India to project ’soft power’ with greater vigour

February 29th, 2008 - 7:44 pm ICT by admin  

A file-photo of P. Chidambaram

New Delhi, Feb 29 (IANS) India will project its “soft power” through greater use of its films, music, dance, art and cuisine in 2008-09 with an allocation of Rs. 750 million (nearly $18 million) coming from Finance Minister P. Chidambaram’s budget. In presenting the budget for 2008-09 in parliament, the finance minister proposed that the country’s art, culture and films be projected in a more “sophisticated and subtle manner” and announced an allocation of Rs.750 million to the Indian Council for Cultural Relations (ICCR), the government agency charged with promoting Indian culture around the world.

He said: “India’s music, literature, dance, art, cuisine and especially films are attracting huge interest around the world. This is the ’soft power’ of India, and it must be projected in a sophisticated and subtle manner.”

The measure was immediately hailed as “historic” with ICCR Director General Pavan K. Varma telling IANS: “We are delighted that extra resources will be available for the promotion of Indian culture abroad.”

India’s top cultural diplomat said this was the “need of the hour, especially since India is emerging as a global power; soft power is a very important pillar for diplomacy”.

ICCR has 20 cultural centres with two sub-centres around the world and also sends artistes on concert tours abroad. Besides, it also maintains 24 chairs of Indian Studies abroad.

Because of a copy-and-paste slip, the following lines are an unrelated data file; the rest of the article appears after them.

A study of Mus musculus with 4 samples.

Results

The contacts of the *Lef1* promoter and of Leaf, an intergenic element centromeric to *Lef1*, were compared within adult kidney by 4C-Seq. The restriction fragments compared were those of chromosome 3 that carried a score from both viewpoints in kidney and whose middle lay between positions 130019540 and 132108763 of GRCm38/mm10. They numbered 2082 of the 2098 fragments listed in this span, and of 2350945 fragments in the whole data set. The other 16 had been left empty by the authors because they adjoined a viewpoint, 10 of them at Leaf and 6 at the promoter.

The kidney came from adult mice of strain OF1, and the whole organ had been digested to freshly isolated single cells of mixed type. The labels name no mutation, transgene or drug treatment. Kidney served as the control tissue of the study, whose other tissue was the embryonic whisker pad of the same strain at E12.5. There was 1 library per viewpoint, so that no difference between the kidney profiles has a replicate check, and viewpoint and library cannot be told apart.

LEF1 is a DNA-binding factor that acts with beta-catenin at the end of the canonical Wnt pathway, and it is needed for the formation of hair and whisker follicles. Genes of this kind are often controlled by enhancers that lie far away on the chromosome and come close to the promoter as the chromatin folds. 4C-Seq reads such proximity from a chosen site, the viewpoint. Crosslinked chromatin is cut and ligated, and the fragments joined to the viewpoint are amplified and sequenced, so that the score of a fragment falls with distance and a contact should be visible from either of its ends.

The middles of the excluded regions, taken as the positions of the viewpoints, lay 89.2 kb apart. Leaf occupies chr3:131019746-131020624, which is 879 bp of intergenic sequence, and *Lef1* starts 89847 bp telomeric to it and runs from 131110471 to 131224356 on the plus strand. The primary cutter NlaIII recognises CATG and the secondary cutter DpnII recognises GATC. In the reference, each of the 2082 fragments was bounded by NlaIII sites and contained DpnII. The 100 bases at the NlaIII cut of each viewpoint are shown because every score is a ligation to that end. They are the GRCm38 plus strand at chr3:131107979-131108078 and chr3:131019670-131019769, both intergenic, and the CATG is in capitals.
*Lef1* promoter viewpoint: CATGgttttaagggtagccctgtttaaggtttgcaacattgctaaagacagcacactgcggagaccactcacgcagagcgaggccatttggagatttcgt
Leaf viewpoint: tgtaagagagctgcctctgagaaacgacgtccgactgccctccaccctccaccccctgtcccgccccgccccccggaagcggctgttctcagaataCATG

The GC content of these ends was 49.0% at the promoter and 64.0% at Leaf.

Rajiv Lochan, director of the National Gallery of Modern Art, said it was “heartening to hear about the government’s initiative to support art and culture.”

“I hope visual arts will have a sizable share of the projected amount, to begin with. It should be enlarged gradually and I hope that entertainment will not take over arts,” Lochan told IANS.

Well-known Bharatnatyam danseuse Geeta Chandran welcomed the increased allocation for ICCR, adding that with a rising budget “the management of these resources should be improved”.

Having gone on several ICCR-sponsored foreign tours, Chandran said that ICCR should draw up a cultural programme for at least the next one or two years. “We usually come to know about our programme just 15 days before the trip, or even sometimes just as we are boarding the plane,” she said.

The Delhi-based dancer also noted that another area for revision should be the rates paid to artistes for these tours. “We get a pittance compared to our domestic rates, but we go there due to the prestige of being India’s cultural ambassador. We will certainly ask for increased remuneration now,” said Chandran.

With Indian films, especially from Bollywood - a big draw across the world and earning millions of dollars abroad - they have now become an effective vehicle to garner a larger share for India on the global mindset.

According to Tips Music’s Kumar Torani, they would be looking at the government to improve access of the Indian entertainment industry to foreign markets, which should automatically bring down piracy.

“We will certainly participate in any film festivals or other events that the government organizes to raise the profile of Indian films. Also, we want more legal access to markets abroad to boost the sale of legal compact discs and DVDs and concentrate on curbing piracy in foreign countries,” Torani told IANS

In the budget, the culture ministry will get a total outlay of Rs. 6 billion to boost its zonal cultural centres, the Sangeet Natak Akademi, the Lalit Kala Akademi, the Sahitya Akademi, the National School of Drama, the National Gallery of Modern Art, the Archaeological Survey of India, the National Archives among many other institutions.